When public officials use taxpayers' money to settle sexual harassment claims, does the public have the right to know? That question has been on the national stage recently, as previously secret sexual harassment settlements involving members of Congress have been revealed.

Now the question about whether the public has the right to know has come to the California judiciary, and the answer is a strong "yes." The Chief Justice of California, Tani G. Cantil-Sakauye, is calling for a rule change to make it clear that the public has the right to know when taxpayer funds have been used to settle claims of sexual harassment or discrimination made against California judges and court staff.

In the last seven years, the court system paid more than half a million dollars to settle five claims of sexual harassment, three of which were against judges and two against staff. The California Judicial Counsel, which makes rules and policy for the California court system, revealed this information in March 2018 in response to a public records request by the Los Angeles Times. However, at the time, the Judicial Counsel would not release the names of the judges and staff members who entered into the settlements, saying that would violate attorney-client privilege and its own Judicial Counsel rule.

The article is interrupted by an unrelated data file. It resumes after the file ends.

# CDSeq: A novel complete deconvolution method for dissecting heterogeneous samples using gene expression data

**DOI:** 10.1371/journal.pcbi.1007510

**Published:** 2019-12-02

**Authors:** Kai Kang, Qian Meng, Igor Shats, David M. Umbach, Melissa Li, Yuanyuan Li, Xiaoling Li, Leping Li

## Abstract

Now the Chief Justice wants the Judicial Counsel to revise its rule. She said that the public has the right to know how the state's judicial branch spends taxpayers' money. She is calling on the Judicial Counsel to remove any ambiguity from the rule that governs public disclosure in taxpayer funded sexual harassment settlements. The rule is expected to be changed soon.

There is a growing trend for public institutions to be more open about sexual harassment claims. In February 2018, the California Legislature released information about the investigation of 18 complaints of sexual harassment that had been made against State Senators, Assemblymen, including one who resigned last year after multiple sexual harassment claims, an Assemblywoman, and senior staff members. Some of these claims had been kept secret for more than 10 years.

This kind of secrecy is becoming a thing of the past. More and more branches of government, on both the national and state level, are releasing information about sexual harassment claims that had previously been hidden. Especially when taxpayer money is used to pay large settlements, as was the case with the California Judiciary, the public is demanding the right to know what is going on and what their money is being used for. The times are changing. It is not as easy for sexual harassers to get away with what they did, without the public knowing.